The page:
What is Supply Chain Finance?
Supply Chain Finance is a form of Working Capital finance which falls under the Trade Finance umbrella, often referred to as ‘reverse factoring’.
Global supply chains often have their challenges due to a diverse range of businesses that operate within, such as multinational buyers and suppliers, in various countries all operating together with varied working capital reserves. Thus, there is significant pressure on certain businesses to unlock working capital early which is stuck within their supply chains. Supply Chain Finance is a solution that optimises a business’s cashflow by advancing finance to the businesses suppliers, freeing up the much needed working capital to enable the business to thrive and trade efficiently. This type of finance is often used by business that experience seasonal trading and have to purchase large quantities of stock at a certain time of the year, rather than purchasing stock in more stable amounts throughout the year.
Supply Chain Finance vs. Invoice Finance
Under the Trade Finance Umbrella, the most common products are Invoice Finance and Supply Chain Finance.
The finance solution required often depends on whether the business is a supplier looking to unlock working capital from outstanding invoices due to orders from buyers (which would necessitate Invoice Finance), or whether the business is a buyer looking to accelerate payments to suppliers without tying up their own working capital.
When the business is the buyer, the finance provider will fund the payment to the supplier early, allowing the buyer to receive their goods quickly. Supply Chain Finance providers are looking at the strength of the buyer during a credit assessment, rather than the creditworthiness of the supplier.
Consequently, these finance providers allow the business to pay for goods faster, by advancing supplier payments on behalf of the business, giving the business a longer window to pay. This frees up working capital and provides the business with an opportunity to accelerate trading.
What are the key features of Supply Chain Finance:
- The Facility isn’t a Loan: The finance is advanced based on a specific purchase of goods which don’t carry fixed monthly payments, it is rather a given date that the funds have to be repaid to the lender.
- Payment Terms: The most common payment window is 90 days to repay funds the lender has advanced to the supplier. However other finance providers might allow up to 150 days depending on the nature of the business, with some unique lenders offering more of a revolving credit facility but only for supplier payments that is reviewed regularly.
- Credit Insurance: Finance providers look to obtain credit insurance against the business that is looking to take the finance rather than insurance against the supplier. This forms the security for the lender in the case of non-payment, rather than taking security over an invoice or a fixed asset. Meaning the credit limit set by the lender is typically bound by the credit insurance limit.
- Compatible: Supply chain finance products can be easily used in-conjunction with other types of finance such as business loans, asset finance, revolving credit facilities etc.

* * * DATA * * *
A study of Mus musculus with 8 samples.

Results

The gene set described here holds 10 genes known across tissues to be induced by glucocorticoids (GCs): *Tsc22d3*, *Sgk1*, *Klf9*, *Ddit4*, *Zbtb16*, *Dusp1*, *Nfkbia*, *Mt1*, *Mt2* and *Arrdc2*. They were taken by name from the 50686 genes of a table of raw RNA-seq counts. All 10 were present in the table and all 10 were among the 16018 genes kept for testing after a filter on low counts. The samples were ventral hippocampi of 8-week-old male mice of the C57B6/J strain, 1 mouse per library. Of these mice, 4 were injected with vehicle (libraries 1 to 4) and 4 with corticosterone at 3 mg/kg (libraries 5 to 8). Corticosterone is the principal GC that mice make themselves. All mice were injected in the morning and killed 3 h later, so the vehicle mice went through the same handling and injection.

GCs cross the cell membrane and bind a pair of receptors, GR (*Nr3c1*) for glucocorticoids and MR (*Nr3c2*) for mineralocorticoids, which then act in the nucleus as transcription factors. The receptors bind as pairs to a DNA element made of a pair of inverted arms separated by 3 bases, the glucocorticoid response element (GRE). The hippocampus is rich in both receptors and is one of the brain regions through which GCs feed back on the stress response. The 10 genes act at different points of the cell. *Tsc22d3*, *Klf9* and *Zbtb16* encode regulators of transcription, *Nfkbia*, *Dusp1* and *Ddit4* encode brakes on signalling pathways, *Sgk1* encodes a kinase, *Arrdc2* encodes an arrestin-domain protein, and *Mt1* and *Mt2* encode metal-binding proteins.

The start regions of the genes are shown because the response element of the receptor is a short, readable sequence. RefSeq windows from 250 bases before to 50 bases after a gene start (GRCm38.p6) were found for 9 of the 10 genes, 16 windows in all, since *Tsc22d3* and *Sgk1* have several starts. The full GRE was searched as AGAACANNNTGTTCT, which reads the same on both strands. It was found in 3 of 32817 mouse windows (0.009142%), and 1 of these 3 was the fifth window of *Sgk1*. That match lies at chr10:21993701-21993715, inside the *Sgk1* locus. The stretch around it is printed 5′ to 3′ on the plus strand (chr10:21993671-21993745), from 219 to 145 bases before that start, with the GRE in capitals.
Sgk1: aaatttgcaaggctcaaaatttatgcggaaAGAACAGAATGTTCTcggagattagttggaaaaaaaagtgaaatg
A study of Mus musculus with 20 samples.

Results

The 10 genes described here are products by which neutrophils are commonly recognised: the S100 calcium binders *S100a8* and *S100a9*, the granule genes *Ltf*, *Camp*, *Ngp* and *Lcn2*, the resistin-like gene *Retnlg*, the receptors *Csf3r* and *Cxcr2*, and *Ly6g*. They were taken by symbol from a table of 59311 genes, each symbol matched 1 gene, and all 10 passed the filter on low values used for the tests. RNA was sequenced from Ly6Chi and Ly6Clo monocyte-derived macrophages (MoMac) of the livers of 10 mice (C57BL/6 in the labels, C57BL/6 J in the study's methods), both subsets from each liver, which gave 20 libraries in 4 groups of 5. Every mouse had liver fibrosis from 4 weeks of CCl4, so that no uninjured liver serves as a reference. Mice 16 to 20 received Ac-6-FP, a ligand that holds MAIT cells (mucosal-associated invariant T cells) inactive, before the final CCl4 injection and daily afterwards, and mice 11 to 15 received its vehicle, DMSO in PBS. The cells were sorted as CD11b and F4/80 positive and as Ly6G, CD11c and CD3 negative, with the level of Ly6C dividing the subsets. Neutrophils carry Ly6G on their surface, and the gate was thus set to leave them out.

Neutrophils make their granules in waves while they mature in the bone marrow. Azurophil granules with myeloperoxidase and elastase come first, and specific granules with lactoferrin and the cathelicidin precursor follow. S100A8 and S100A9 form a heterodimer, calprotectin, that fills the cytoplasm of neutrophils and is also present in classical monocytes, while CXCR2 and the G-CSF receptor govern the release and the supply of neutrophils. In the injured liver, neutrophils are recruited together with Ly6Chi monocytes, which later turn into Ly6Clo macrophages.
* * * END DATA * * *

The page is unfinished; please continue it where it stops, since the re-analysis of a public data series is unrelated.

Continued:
- Fixed Rates: The finance provider will provide a fixed monthly interest rate per 30 days. Thus, if the business wants to clear the finance within 60 days out of the 90 day payment window they will only pay two months of interest vice versa.
What are the benefits of Supply Chain Finance?
- Better Supplier Relationships and Increase Purchasing Power: As this type of finance accelerates supplier payments, the buyer is generally able to negotiate better prices and volume discounts for the goods they are purchasing from the supplier, thus creating a better working relationship between the two parties.
- Increased Working Capital Reserves: The business benefits from utilising the lenders funds for supplier payments, as they can extend the amount of time the business has to pay. Significantly increasing working capital available within the business which in turn can be utilised in other areas of the business such as marketing or product development.
- Flexibility: Normally supply chain finance providers will allow for the business to make multiple payments with their approved credit limit, as well as paying suppliers in several countries and multiple currencies.
- Reduced Supply Chain Risk: It is a well known fact that there are risks involved with international trade, using supply chain finance allows the business to reduce the risk within their supply chain. Most finance providers will also offer Foreign Exchange services alongside their supply chain offering, most of the time via a platform which offers end-to-end visibility with a dedicated account manager.
What are the disadvantages of Supply Chain Finance?
- Insurance Limits: As the funding amount is dictated by the amount of credit insurance the lender can obtain this might not be enough for all businesses, the business might have to consider looking at other business finance options to get to their desired funding amount.
- Barriers to Application: On average more established businesses have greater success in obtaining supply chain finance as with more trading history comes increased creditworthiness. Typically these finance providers have higher minimum criteria’s for applying businesses, meaning smaller or younger businesses might miss out on the opportunity to apply as they might not meet the minimum criteria.
How to Apply for Supply Chain Finance:
You will need:
- Last 2 years of Full Accounts
- Up to date management accounts
- Aged Debtor report
- Aged Creditor Report
- 3 months of business bank statements
- Summary of the businesses Supply Chain cycle
Provide can support your Supply Chain Finance application, finding you the best funding options for your business. We can help you navigate barriers to the application and obtain the best rates possible.